A ROCK fan killed himself after being tortured by a painful battle with tinnitus – which made him constantly hear country and western music.
Glen Mitchell, 53, took his own life just 12 weeks after being diagnosed with the debilitating condition which was caused by listening to a noisy band at his local pub.
It got so bad the retired firefighter couldn't turn the bathroom light on as the noise of the extractor fan hurt his ears.
Even the sound of a boiling kettle was too much to take.
Wife Linda said her formerly "happy, healthy and fun loving" husband completely changed after suffering a mental health breakdown as a result of his ordeal.
She said before he took a fatal overdose of painkillers, Glen had such a severe physical reaction to sound that even her BREATHING caused him pain.
The 45-year-old former council worker has now blasted NHS doctors for failing to provide treatment which she believes would have prevented Glen's death.
Linda, of Duston, Northampton, said:"I had been married to Glen for ten years but we'd been together for 22 and had a really happy life.
"He was a happy, healthy, fun loving bloke who was hard working, active and very fit. All that changed so quickly, it is almost hard to comprehend.
"It all started when my husband Glen and I went to our local pub to watch a live band.
"They played modern rock music like The Jam, that sort of thing, but they were very loud to the point where we just walked out.
"What followed was heart-breaking, frustrating and ultimately – unnecessary. As the tinnitus continued, Glen became exhausted.
"He cherished silence at bedtime but because of the various noises he was suffering from as well as ear pain and spasms, he was unable to sleep.
"This, combined with the anxiety that his tinnitus would never go away, contributed to a very rapid mental decline.
"Eventually we went to our GP but we were too easily dismissed and not offered any support or advice about where to turn for the tinnitus or obvious levels of anxiety.
"Everyone just seemed disinterested and we felt very alone.
"I just want to make people aware of the issue because there seems to be a knee-jerk reaction from doctors that you should just get on and try and live with it.
"But it can cause so much devastation and it proved to be absolute torture for my husband – both psychically and mentally.
"My husband really liked his rock music and was into U2 and ACDC, but the funny thing was, he was hearing country and western in his head.
"There are more side-effects to tinnitus than just ringing in the ears, you can get whistling, buzzing, grinding and hissing sounds too and Glen had all of that.
"But also you can get musical hallucinations, hearing music that isn't playing, and Glen kept hearing country and western.
"He would say 'if I'm going to suffer from this, at least let me hear some decent rock and roll music'.
"I couldn't even lay next to him in bed by the end because my breathing caused him pain. "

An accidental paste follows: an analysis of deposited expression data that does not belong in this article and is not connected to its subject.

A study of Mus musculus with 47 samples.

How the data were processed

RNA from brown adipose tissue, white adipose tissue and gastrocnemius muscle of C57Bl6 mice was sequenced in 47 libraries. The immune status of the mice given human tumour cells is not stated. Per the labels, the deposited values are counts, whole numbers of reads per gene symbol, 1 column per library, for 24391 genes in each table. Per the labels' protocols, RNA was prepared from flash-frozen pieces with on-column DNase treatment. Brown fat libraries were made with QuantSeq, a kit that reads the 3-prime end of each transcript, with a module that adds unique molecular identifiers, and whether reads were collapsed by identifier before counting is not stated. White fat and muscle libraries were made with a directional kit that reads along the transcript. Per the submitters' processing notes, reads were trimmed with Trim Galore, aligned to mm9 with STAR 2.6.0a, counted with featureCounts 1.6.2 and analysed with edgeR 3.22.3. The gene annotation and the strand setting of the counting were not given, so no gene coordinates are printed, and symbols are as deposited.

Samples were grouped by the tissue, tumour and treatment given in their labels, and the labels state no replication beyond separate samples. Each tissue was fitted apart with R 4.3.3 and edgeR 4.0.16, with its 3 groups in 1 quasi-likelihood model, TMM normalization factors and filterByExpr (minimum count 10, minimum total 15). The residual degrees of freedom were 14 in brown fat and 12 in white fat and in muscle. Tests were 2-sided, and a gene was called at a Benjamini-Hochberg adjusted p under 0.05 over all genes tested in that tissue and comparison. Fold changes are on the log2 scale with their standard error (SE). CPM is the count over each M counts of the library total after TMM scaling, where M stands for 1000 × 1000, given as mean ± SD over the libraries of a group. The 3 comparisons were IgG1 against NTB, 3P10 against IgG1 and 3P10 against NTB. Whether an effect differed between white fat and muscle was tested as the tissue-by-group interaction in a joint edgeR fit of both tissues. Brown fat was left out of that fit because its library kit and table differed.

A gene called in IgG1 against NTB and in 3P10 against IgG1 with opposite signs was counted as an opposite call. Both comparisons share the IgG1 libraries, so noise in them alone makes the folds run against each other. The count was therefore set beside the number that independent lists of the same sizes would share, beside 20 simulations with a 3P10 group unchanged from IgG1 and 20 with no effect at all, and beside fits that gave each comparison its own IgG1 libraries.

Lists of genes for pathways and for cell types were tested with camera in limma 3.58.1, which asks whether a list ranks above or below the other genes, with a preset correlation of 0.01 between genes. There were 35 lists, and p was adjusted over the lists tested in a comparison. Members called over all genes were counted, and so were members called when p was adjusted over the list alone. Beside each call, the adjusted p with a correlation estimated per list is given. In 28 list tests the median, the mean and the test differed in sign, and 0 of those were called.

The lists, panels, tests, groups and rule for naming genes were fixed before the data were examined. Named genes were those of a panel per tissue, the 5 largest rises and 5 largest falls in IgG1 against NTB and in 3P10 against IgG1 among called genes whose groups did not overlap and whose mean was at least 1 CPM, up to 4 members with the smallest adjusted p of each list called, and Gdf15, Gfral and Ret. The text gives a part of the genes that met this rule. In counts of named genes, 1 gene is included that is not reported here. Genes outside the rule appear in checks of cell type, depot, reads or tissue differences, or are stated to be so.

WHAT IS TINNITUS?
It is often described as a “ringing in the ears” but the exact sound heard can vary from person to person.
The sounds most commonly experienced include a ringing, buzzing, whistling, humming or hissing sound.
These perceived sounds may come and go or be continuous and the condition can develop suddenly or over time.
In the majority of cases, some may only notice the condition at quiet times, including at night when they are trying to sleep.
But, others may find that the condition intrudes upon their daily life and really bothers them.
Linda said her husband would be awake at 4am every morning pacing the streets in a bid to exhaust himself to try and get a good nights sleep.
He soon became suicidal and made an attempt to take his life but Linda would find him and get him to hospital in time.
Glen was soon referred to ear, nose and throat specialists but it was never confirmed that he had damage or hearing loss.
Linda added: "By this time he had also developed hyperacusis, a sensitivity to sound, and I was really pushing for more support.
"I could see that when he did have the chance to talk about his condition and get reassurance from medical professionals that it was helping.
"But, his mental health was getting worse as his tinnitus and hyperacusis worsened, and it was a vicious circle that we just couldn't break.
"I was furious with the way he was dealt with, we did not get the support we needed and we were told to just try and get on with life as normal.
"But that was impossible, after two weeks he tried to take his own life by taking an overdose of painkillers and then ten weeks later he did the same with Tramadol.
"The psychological effects of sleep deprivation combined with the tinnitus, hyperacusis and being told there was no cure just became too much for him to take.
"His death could have been prevented with the right level of psychological support and that is why it is so hard to take."
Linda is now sharing her story for the first time four years on as part of the British Tinnitus Associations (BTA) 'Share Your Sound' campaign.
She added: "How a humorous, loving man, full of life could have got to that point so quickly is just devastating.
"I'm determined that lessons be learnt from Glen's death.
"It shouldn't and doesn't need to get to such a tragic point and I want to encourage anybody out there with tinnitus not to lose hope. There is help out there.
"I am really passionate about supporting GPs to become more knowledgeable about tinnitus and the potential impact the condition can have so they are more able to treat patients and improve their quality of life before things escalate."
For tinnitus support, visit the British Tinnitus Association's website: www.tinnitus.org.uk.
If you are affected by any of the issues raised in this article, please call the Samaritans on (free) 116123 or 020 7734 2800.